Epson launches speedier DTG printer
Tuesday, January 23, 2018
Epson has unveiled the SureColor SC-F2100, its latest direct-to-garment (DTG) printer, as an answer to calls for greater printing speed on colour t-shirts.
An advancing of technology debuted in the manufacturer’s SC-F2000, the new model boasts greater speed and reliability, with lower targeted total cost of ownership and installed Garment Creator design software.
With prices yet to be confirmed, the machine is expected to cost under £13,000, according to Epson sales manager Phil McMullin. It will be available in March this year.
“Our new machine will be great for ‘Mom and Pop’ shops or larger organisations who have screen printing and want to add some digital tech,” said McMullin.
“Its predecessor was created as a response to pent-up demand for this in the market. Previously, there were only high-end solutions and a few smaller manufacturers answering customers’ desires.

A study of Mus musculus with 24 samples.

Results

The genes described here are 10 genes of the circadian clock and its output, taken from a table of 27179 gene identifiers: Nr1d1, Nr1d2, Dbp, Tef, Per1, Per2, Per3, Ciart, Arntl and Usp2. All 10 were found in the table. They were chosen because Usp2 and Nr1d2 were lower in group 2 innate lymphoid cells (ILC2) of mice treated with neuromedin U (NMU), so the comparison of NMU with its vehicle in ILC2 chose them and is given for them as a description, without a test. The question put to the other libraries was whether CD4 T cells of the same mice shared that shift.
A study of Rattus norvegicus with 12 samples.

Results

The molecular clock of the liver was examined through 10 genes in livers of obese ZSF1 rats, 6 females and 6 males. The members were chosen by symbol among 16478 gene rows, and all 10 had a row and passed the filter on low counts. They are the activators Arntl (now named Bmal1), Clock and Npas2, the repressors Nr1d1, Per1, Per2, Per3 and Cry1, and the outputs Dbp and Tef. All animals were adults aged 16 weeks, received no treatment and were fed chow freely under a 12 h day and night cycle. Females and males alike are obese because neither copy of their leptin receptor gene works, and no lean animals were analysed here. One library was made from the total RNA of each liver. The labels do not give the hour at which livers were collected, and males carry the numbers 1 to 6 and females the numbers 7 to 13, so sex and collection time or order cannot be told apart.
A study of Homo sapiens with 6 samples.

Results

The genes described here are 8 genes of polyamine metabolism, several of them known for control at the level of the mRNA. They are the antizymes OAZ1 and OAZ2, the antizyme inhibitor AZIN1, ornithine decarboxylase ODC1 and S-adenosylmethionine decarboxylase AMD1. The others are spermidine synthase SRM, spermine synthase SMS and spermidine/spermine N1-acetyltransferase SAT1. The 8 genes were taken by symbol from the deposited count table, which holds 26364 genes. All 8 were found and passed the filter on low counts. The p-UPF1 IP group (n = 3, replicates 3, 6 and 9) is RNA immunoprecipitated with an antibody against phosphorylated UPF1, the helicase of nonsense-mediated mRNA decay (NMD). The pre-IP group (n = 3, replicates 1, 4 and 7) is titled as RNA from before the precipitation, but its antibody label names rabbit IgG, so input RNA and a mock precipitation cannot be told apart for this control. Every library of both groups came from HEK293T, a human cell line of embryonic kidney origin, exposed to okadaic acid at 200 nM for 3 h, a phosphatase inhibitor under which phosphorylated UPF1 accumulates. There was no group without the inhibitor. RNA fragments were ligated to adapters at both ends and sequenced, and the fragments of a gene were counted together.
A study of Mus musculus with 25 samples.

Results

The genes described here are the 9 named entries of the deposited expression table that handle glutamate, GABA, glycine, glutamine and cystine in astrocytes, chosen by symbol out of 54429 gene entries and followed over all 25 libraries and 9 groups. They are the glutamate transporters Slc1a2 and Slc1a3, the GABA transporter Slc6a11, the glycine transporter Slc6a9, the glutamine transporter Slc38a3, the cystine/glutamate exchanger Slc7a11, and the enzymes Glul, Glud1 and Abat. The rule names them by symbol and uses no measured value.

“Making the SC-F2100 gave us a lot of challenges, but we have overcome them to present this offering to customers. We have now cut the time for printing onto colour t-shirts down from an average of 190 seconds to 120 seconds.”
According to Epson, the press, which runs five colours (CMYK and white) speeds up the process of printing on darker garments that require a layer of white ink to be printed first, while white t-shirts can be completed in as little as 28 seconds.
It can print onto fabric up to 25mm thick using a PrecisionCore TFP printhead and UltraChrome DG inks in 600ml cartridges.
The SC-F2100 made its European debut over the weekend at the Printwear and Promotion expo at the Birmingham NEC, which runs from 21-23 January.
While no specific plans have been revealed yet, McMullin said Epson would focus on “improving quality and productivity for our customers, getting the same or better quality at higher speeds”. The manufacturer’s research and development department in Japan spends $2m (£1.44m) each day working on new tech, according to McMullin.
Epson turns over $10bn globally, employing 70,000 staff internationally and 200 people in the UK.